For Josh Jackett, it’s the stairs, every time, because each flight of stairs offers Jackett the opportunity to build fitness and meet his training goals. As a competitive stair climber, Jackett travels the country, participating in as many as 10 events each year. Most benefit one nonprofit organization or another, and all require effort for a great cause.
But the Gift of Adoption Fund Michigan Chapter “Stepping Up to Bring Families Together” climb is dear to Jackett’s heart. In addition to offering a chance for people to gather together on Saturday, Nov. 23 to climb to the top – or just half way – of the iconic 2000 Town Center building in the Southfield City Centre, the event benefits children and the families who adopt them.
“This is a special charity because you don’t see a lot of stair climbs that benefit this type of organization,” Jackett says, who shares that his father was adopted, as well as his maternal grandmother. “People I knew in college have adopted kids and to see what they have gone through, I’m so happy to help out to raise money and awareness.”
A Great Climb for a Great Cause
Specifically designed to challenge participants to fundraise for the Gift of Adoption Fund Michigan Chapter (GOA), the event will engage every fitness level and offer many participation options for people aged 5 and older. The event is a way for coworkers, families, and friends to work together to support a worthy organization that believes that having a family is the basic right of children everywhere and which works to give as many children without families a life they would not have known otherwise. Gift of Adoption is a volunteer-driven nonprofit 501(c)(3) organization.
All money raised through donations for the GOA Stepping Up to Bring Families Together climb will support adoption assistance grants to connect vulnerable children with families in Michigan. Each climber is encouraged to raise $100 and can create a personal fundraising page after registering for the event.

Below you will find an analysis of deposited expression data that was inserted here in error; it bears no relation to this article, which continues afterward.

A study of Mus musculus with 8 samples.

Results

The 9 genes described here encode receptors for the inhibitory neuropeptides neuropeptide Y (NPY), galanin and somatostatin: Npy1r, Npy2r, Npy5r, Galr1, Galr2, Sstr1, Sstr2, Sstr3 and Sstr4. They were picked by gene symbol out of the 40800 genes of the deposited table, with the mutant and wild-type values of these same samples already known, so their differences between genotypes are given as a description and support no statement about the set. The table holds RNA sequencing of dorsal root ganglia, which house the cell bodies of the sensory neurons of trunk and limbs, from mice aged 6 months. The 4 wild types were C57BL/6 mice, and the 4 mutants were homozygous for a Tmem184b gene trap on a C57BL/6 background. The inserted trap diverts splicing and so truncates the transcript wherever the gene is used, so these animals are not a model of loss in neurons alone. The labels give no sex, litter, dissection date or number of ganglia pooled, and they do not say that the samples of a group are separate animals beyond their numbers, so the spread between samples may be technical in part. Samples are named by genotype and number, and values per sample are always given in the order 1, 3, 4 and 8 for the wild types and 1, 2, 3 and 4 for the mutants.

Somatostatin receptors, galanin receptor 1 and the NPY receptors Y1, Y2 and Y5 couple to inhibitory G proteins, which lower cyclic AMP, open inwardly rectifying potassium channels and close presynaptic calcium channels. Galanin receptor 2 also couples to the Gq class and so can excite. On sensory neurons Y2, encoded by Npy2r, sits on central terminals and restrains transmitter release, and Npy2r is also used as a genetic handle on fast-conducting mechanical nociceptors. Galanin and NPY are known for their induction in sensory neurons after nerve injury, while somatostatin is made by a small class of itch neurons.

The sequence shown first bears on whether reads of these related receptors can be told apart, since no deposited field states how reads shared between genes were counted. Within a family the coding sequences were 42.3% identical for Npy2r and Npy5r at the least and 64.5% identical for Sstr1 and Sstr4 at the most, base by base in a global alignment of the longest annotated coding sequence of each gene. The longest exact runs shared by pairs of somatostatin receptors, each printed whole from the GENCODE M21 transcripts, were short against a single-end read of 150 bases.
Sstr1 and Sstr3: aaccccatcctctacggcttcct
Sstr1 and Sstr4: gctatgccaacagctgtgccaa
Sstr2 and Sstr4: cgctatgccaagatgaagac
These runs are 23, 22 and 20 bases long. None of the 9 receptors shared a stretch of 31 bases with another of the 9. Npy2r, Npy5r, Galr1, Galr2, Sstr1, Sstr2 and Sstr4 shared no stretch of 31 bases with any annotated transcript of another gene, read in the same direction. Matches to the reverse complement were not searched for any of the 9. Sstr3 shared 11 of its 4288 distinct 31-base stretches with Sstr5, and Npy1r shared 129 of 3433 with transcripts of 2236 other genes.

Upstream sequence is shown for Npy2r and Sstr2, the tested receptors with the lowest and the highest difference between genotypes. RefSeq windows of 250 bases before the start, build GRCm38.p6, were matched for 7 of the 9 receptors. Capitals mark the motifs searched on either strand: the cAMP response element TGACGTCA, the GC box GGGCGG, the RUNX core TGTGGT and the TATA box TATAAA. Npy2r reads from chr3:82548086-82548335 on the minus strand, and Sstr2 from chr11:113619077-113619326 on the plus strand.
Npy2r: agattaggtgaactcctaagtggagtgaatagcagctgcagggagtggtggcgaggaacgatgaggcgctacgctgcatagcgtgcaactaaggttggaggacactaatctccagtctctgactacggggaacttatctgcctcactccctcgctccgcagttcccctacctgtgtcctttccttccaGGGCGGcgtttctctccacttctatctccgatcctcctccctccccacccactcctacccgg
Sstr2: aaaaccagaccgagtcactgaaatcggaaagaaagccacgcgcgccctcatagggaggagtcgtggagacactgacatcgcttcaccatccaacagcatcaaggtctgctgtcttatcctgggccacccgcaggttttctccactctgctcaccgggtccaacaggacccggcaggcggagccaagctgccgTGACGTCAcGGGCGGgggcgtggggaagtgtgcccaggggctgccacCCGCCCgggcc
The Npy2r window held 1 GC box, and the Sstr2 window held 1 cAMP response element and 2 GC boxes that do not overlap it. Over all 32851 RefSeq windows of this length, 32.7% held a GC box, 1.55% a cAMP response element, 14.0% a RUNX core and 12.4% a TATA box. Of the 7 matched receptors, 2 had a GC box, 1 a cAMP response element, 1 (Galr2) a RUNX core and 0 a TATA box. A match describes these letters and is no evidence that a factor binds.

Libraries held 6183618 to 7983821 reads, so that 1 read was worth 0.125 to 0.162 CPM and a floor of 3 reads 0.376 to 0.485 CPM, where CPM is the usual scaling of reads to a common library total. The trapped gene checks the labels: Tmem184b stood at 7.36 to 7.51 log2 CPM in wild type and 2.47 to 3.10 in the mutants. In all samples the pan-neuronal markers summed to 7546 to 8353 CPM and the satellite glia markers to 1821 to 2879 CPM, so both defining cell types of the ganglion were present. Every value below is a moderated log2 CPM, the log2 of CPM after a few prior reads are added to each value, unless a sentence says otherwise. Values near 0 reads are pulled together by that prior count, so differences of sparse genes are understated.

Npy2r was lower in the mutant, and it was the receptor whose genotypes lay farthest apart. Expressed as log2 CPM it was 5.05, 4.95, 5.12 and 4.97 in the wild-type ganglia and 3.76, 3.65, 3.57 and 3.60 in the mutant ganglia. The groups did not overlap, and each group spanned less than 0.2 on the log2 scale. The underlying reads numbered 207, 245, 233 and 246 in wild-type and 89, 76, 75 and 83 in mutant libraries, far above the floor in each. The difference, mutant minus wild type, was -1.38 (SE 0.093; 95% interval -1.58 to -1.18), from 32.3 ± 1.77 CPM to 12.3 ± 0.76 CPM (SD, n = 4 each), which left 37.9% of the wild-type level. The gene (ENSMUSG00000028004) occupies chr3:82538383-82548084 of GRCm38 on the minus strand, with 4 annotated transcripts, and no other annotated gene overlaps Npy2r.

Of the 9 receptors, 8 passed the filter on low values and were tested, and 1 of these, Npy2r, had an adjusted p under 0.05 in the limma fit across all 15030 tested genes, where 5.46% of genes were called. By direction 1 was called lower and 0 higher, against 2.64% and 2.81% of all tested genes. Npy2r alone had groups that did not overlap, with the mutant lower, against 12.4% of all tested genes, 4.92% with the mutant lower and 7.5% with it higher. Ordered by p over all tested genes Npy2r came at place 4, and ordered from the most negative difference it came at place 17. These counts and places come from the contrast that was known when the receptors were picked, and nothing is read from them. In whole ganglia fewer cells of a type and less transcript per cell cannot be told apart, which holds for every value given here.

A Category for Every Ability
While most people balk at the idea of climbing one flight of stairs – much less 28 – Jackett says stair climbing is a great activity for runners and cyclists who want to maintain fitness during the winter months. And for those looking to get into shape or face a pre-Thanksgiving challenge, stair climbing for a good cause ties everything together. Even those who want to take it at a slower pace can find a suitable participation category.
“I think anyone can stair climb. You don’t have to go all out,” says Jackett, who lives near Milwaukee and has family in Metro Detroit. “If your goal is to get faster and you have stairs to train on, you can track your progression. It’s great cross training, and you may hate it because it’s hard, but that doesn’t mean you shouldn’t try it.”
Jackett, who has been climbing competitively since 2013, will be participating in the “Power Hour,” climbing to floor 28 and descending by elevator as many times as he can in 60 minutes. He thinks he’ll probably be able to make it to the top 10 times, or maybe 11.
“Not everyone climbs at this pace, but anyone can do it. I definitely say anyone can do it, and you may even get hooked.”